Now that fly season is over for the year,* I have managed to make myself some screens for the doors. Yay! Better late than never. There will be flies again next year, not to mention the annual attack of the love beetles. Right now the tiny wasps are breeding.
My landlord is wonderful, and had screens made for all the windows. However, I find it impossible not to stifle and melt in the heat unless I leave the doors open during the day. The usual practice here is to put some screen on one of those metal security gates. That would have been a most permanent installation and quite expensive, so it wasn’t one of my options. Nor was it of interest to my landlord. It was also more than my landlord wanted to spend, as he had just provided me with several upgrades at my request.
Here, there are no screened doors that one can simply purchase and install. I would have to hire someone to build custom screen doors, also a somewhat pricey solution.
So I put my thinking cap on and came up with this instead. Isn’t it cute?
Since some of you readers also live in rentals in Panama, I’m going to tell you how I made them. Wood is fairly scarce in these parts, so I kept my use of it to a minimum. Two sides of the door frame were all I used. With a pruning saw (because that’s what I had) I cut a couple of 2 x 1s to fit the door, then put three screws into each one, so I wouldn’t have to wrestle with positioning the screws and making the holes while trying to hold the screen-wrapped wood in place. I measured again to verify the exact length on both sides. Then I took the wood back down and painted it to more or less match the existing door / door frame.
The two boards were placed on the floor on a length of screen cut to a rectangle:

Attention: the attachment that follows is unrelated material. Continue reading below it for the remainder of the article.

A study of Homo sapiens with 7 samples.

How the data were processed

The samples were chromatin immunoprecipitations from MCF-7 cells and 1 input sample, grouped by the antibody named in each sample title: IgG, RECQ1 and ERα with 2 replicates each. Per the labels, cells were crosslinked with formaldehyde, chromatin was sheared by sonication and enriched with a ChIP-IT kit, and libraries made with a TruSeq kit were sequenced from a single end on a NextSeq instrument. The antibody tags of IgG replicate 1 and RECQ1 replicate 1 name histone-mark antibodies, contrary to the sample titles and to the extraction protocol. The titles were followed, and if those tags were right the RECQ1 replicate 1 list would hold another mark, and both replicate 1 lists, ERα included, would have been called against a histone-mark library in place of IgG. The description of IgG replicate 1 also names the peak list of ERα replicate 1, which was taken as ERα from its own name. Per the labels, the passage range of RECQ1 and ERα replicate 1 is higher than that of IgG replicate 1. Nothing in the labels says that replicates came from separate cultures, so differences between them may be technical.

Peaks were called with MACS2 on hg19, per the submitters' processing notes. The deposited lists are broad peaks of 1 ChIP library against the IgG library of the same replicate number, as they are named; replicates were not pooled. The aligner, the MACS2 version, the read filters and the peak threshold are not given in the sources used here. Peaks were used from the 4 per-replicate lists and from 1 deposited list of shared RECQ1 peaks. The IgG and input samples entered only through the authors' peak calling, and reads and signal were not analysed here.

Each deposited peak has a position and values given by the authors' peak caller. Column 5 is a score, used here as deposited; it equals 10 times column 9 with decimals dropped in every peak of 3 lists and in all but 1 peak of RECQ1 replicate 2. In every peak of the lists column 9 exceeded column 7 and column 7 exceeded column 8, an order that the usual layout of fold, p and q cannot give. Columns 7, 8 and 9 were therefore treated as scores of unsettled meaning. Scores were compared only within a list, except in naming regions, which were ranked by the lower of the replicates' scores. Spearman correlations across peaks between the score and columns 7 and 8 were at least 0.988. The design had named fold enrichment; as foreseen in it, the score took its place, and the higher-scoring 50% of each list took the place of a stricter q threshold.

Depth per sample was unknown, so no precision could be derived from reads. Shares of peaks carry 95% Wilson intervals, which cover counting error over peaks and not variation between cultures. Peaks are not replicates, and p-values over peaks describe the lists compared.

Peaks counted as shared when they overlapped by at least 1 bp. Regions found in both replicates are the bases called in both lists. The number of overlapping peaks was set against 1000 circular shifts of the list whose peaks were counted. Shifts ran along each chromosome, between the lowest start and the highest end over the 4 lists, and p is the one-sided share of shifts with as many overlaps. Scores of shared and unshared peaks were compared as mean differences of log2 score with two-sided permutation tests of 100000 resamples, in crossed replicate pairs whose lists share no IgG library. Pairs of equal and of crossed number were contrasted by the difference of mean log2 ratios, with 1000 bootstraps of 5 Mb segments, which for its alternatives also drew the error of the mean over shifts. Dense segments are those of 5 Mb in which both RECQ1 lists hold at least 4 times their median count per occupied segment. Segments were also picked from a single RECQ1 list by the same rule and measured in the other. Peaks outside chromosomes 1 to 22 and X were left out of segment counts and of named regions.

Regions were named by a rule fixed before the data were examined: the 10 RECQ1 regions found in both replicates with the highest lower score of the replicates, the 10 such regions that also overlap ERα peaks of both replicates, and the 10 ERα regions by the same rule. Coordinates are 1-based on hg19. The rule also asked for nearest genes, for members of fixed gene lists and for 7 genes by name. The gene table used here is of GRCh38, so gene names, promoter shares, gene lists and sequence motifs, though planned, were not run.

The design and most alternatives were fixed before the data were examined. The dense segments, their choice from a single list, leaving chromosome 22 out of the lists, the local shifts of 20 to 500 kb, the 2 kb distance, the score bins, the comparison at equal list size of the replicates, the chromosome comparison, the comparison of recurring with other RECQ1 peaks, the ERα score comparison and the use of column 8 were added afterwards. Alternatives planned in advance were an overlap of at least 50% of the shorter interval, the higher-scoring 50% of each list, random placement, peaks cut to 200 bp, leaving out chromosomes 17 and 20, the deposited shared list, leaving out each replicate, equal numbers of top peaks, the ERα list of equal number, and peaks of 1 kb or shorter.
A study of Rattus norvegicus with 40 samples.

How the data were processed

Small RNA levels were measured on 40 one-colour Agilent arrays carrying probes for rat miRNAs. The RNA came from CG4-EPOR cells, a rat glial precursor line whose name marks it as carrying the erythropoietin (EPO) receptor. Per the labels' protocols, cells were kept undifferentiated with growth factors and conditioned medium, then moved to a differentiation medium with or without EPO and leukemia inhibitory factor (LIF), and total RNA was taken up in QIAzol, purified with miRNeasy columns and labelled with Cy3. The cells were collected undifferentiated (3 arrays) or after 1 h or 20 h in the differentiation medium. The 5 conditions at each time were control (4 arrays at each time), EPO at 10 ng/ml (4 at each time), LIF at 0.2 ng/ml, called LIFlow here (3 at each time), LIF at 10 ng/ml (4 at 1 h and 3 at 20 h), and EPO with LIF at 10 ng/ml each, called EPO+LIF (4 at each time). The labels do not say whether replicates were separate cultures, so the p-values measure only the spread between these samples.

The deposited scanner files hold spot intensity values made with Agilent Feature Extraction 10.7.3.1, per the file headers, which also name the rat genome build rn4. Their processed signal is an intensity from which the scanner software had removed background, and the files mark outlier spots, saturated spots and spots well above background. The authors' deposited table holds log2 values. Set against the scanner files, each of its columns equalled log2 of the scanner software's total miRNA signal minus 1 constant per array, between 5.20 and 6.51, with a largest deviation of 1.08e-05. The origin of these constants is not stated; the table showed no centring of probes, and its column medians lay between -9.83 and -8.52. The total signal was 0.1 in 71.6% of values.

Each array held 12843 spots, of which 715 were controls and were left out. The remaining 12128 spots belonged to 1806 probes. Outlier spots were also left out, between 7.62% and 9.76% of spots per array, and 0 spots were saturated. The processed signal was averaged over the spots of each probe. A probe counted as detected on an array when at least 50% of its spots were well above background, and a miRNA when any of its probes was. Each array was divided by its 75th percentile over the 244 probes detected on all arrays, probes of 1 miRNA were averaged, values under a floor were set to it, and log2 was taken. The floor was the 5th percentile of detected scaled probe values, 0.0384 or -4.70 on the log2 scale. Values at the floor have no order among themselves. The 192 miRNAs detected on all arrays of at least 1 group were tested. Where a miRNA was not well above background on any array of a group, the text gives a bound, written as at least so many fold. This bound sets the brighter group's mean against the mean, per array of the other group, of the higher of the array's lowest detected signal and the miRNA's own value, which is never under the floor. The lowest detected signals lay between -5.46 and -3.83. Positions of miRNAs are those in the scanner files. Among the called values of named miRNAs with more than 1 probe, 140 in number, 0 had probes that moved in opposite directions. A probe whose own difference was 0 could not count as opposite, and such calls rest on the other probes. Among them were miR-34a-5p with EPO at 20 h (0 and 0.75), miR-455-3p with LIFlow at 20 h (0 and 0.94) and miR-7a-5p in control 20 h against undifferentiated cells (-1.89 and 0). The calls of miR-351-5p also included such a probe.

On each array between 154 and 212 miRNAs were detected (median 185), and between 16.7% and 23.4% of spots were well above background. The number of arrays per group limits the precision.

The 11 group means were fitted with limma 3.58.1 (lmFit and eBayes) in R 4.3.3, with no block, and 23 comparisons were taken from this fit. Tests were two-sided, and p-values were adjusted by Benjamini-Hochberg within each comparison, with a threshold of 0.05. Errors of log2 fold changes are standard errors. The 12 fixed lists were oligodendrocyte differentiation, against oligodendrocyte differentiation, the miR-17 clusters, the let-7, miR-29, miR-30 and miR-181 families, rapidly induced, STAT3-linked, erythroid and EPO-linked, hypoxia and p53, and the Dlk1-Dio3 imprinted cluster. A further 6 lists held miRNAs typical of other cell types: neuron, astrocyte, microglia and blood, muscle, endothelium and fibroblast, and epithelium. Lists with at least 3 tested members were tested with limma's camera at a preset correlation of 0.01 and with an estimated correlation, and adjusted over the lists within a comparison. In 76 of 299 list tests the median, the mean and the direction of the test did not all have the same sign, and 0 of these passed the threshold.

Width – 3 board widths plus six inches for a doubled hem along the side, and
Length – 3 board widths plus six inches for a doubled hem along the bottom.
I rolled the screen around the top board first and tucked a couple of screws into my premade holes before rolling the board for the side and fastening it similarly. Using that verified length measurement I folded a double hem and sewed it in place by hand. Why double? So it would make a strong tube I could fill with weights. Gravel was available to me, so that’s what I used.
Then came the tricky part: putting it up as a one woman show. This turned out to be fairly easy as the long board rested beneath the top board and I just had to get serious with the screw on the outer edge of the top to make the entire thing steady enough to screw down the remainder.
That left hemming the side, which was done in place. For a bit of jazz, I put a string of jingle bells into the side hem. This notifies me each time the screen is moved and helps me keep track of my four-legged “kids.” I also screwed a few bits of Velcro to the door frame and sewed their counterparts onto the flap, so I can “lock” their wriggly little bodies inside and still get some air.
I’m very pleased with my “screen doors.” A rousing success. Two “doors” for under $10. I have more privacy as they reflect the light instead of letting the world look inside the house. They work quite well in helping me keep track of the dogs. I feel slightly more secure, since I would hear the jingle if anyone entered (and the dogs would go off).
An unanticipated benefit, my friends respect the barrier. Feeble as it is, it seems quite strong psychologically and they have stopped just breezing in as they call for me. Now they stand on the porch and call. My landlord is happy as a clam and most impressed, so I won’t have to take them down when I leave (no damage, if I did have to). And, the screens keep most of the bugs out. Ta-dah.
*This was written last year, but never got posted. Better late than never, ja-ja (that’s Spanish for ha-ha). Unfortunately, my design had some flaws. Stay tuned for an update and improved design within a week!